Unable to find a suitable site for a new homeless shelter for up to 200 people, the city is turning to Whatcom County government for help and asking about its available land.
In August, the City of Bellingham said it was evaluating property – city owned, up for sale, vacant but not listed for sale – that fit the needs laid out by the city and Lighthouse Mission Ministries, who are working together on the effort. But nothing has met the criteria.
“For each of the instances, something came up that negated it as a viable choice,” Rick Sepler, Planning and Community Development director for Bellingham, said to the Bellingham City Council this week. “We’ve reached a point where we have looked fairly broadly, but we have not looked at other public lands that are within the study area that could potentially meet the criteria.”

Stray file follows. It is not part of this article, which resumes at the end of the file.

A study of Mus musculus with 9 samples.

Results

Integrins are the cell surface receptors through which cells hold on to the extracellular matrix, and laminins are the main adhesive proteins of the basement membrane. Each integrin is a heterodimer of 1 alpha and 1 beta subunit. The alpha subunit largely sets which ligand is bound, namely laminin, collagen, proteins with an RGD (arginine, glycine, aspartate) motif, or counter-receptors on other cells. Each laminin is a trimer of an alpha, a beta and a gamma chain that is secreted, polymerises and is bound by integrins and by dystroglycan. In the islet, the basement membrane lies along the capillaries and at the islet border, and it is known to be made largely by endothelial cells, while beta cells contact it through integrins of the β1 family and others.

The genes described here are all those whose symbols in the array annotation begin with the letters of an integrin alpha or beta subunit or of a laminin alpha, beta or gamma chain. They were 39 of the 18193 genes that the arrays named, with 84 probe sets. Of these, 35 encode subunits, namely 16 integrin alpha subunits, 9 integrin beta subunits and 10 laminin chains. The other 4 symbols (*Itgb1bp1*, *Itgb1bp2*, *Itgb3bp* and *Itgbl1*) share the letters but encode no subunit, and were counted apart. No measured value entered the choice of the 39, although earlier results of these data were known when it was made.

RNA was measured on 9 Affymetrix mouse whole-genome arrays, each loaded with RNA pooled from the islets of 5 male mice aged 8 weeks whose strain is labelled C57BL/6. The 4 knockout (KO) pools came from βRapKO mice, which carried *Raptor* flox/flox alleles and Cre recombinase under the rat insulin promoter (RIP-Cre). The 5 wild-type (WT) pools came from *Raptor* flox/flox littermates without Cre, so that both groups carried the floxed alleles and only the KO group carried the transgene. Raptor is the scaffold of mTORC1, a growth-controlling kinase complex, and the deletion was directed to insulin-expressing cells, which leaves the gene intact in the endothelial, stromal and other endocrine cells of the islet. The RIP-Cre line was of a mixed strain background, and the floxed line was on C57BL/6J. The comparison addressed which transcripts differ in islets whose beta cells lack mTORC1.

So the city is turning to the county, which has property within the area Bellingham has been studying for a possible site for a low-barrier shelter.
Lilliquist is president of the City Council.
“The one given thing is we all agree we need a low-barrier shelter. We know that it’s a public health and safety concern. This is a county issue, which some of our County Council members also agree. It’s not just a Bellingham issue,” City Council member April Barker said.
“We need more partners,” she added.
City officials renewed the search for a shelter site after the Port of Bellingham decided in May to buy the property the city had wanted at 801/807 Roeder Ave.
Location criteria included a site within a 10-minute walk of the Mission’s existing facilities on West Holly Street; away from residential areas but within walking distance of the downtown core and near a bus line; and a location with a willing seller or property under public ownership.
As the city continues searching for a shelter space, the Lighthouse Mission has – since last October and on its own – been operating a temporary low-barrier shelter that’s open 24 hours a day at its Drop-In Center at 1013 W. Holly St.
Such shelters, also known as easy-access, have minimum requirements for entry in order to get people through the door with the hope of getting them into services.